U.S. Congressman Kurt Schrader treated Milwaukie Rotary Club members last week to a sneak preview of an unprecedented announcement set for July 18 by the bipartisan No Labels group.

Schrader, a Clackamas County Democrat is among a couple dozen charter members of now 78 Congressional delegates planning to announce a “bold” package of bills on Capitol Hill next week. Until the unveiling, No Labels leaders are not saying much else about the legislation beside its intent to make governmental agencies “more efficient and effective.”

But speaking on July 9 in the Rotary Club’s headquarters downtown, Schrader noted that the eight to nine proposed bills will include a call to merge “duplicative governmental agencies” and won’t include any input on immigration-reform efforts. Schrader and other No Labels members were inspired to action by their frustration with partisanship.

“I had hoped to come here to talk about how the prospects for immigration reform are really good, but frankly I am disturbed,” he said. “There will be no pathway to citizenship presented by the House.”

After having “fun” serving on the Agricultural Committee, Schrader expressed increasing frustration with Congressional political realities. Committee members had balanced reforms of nutritional assistance programs (Food Stamps) with weaning “big ag” companies off subsidies, but Schrader then saw “extremists” put roadblocks in front of the bill.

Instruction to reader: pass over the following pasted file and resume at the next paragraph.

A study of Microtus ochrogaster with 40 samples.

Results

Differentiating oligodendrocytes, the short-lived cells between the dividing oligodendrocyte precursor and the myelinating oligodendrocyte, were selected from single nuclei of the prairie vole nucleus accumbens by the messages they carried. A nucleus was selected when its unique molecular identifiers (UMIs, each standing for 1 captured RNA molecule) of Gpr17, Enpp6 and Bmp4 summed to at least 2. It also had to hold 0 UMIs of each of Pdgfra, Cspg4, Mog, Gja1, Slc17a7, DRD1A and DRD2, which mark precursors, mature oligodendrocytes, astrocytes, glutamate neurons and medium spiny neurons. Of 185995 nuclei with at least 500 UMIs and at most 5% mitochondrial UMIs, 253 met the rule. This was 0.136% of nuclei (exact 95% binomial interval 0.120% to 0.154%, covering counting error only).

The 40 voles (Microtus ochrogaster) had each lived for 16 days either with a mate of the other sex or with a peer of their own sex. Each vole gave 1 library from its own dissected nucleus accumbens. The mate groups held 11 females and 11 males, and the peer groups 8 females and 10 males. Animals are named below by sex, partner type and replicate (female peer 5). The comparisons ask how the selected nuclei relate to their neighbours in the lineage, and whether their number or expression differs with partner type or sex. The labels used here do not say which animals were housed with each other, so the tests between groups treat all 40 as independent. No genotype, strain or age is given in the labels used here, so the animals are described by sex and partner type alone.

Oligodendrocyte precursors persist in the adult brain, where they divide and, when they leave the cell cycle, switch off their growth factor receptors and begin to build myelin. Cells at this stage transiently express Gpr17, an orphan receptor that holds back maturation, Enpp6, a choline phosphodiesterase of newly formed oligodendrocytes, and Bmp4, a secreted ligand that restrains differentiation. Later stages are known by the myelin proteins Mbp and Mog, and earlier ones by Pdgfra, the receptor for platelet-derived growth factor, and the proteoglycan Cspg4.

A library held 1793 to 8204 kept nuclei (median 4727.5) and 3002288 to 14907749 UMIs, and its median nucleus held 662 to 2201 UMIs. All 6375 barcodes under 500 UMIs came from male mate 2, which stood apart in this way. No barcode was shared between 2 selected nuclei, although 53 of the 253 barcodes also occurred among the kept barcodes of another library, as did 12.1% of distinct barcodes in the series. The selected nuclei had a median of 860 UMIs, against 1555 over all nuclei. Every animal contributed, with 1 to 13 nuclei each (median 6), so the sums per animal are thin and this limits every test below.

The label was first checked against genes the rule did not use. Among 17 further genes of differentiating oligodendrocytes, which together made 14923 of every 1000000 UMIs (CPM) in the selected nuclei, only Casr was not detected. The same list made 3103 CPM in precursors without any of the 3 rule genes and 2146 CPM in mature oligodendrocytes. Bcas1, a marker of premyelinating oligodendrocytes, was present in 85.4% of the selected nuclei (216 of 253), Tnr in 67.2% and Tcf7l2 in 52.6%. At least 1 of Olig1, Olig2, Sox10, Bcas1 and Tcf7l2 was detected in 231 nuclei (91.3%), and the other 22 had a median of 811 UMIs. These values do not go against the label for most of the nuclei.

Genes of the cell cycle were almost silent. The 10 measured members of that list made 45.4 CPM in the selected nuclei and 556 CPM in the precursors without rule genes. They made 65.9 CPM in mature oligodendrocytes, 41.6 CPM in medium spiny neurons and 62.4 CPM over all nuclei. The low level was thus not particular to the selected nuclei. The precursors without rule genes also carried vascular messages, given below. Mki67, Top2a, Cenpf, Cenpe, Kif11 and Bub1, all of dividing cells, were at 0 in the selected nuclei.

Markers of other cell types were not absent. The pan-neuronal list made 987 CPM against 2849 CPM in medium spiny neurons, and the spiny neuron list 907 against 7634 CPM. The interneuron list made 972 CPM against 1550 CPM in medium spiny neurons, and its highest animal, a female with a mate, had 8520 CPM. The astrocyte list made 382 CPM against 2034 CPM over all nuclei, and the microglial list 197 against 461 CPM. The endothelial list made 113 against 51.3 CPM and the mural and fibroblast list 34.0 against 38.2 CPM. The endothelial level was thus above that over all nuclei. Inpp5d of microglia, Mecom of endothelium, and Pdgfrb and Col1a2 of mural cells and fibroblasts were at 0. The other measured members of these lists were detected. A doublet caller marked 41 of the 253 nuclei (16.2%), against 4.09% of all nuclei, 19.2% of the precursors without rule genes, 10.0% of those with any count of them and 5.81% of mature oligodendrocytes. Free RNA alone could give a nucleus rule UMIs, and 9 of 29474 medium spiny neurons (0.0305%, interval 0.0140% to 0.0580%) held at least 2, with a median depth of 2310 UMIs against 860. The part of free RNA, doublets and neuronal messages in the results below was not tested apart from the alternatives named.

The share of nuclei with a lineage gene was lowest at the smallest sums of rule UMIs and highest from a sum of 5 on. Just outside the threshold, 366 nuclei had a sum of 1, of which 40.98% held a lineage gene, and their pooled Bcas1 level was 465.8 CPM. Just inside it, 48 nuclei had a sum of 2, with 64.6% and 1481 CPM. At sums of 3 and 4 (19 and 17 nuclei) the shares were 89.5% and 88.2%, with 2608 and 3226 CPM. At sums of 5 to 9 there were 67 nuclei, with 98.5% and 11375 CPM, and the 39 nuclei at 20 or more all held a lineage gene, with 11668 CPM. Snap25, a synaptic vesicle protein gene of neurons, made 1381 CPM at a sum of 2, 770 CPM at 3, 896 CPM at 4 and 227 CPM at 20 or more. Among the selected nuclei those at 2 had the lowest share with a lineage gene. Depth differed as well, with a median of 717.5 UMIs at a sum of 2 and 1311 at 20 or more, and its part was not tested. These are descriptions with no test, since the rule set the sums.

“It was a classic example of how hard it is to craft a bill for the good of the country,” he said.

Despite what news outlets would have had the public believe, Schrader had thought the first half of the year on Capitol Hill went “pretty well.” That was until most of the approximately 400 members of Congress in politically safe seats, in Schrader’s opinion decided they would only pander to their own party.

“I’m one of the few folks that remain that represent a diverse group,” he said.

Finally addressing immigration reform, Schrader endorsed a portion of the immigration bill drafted by a partnership of Oregonians — one representative of nursery owners and another representing farm workers. He also criticized Republicans who ran on a “no amnesty” platform seemingly opposing immigration reform “if solving the problem means allowing citizenship in any form,” even if illegal immigrants pay off fines and back taxes.

In response to concerns from a Rotary member about earmarks, Schrader offered an alternative method for evaluating proposed legislation, rather than objecting to almost everything: “Is the bill mostly good or mostly bad, or is there a poison pill in there?”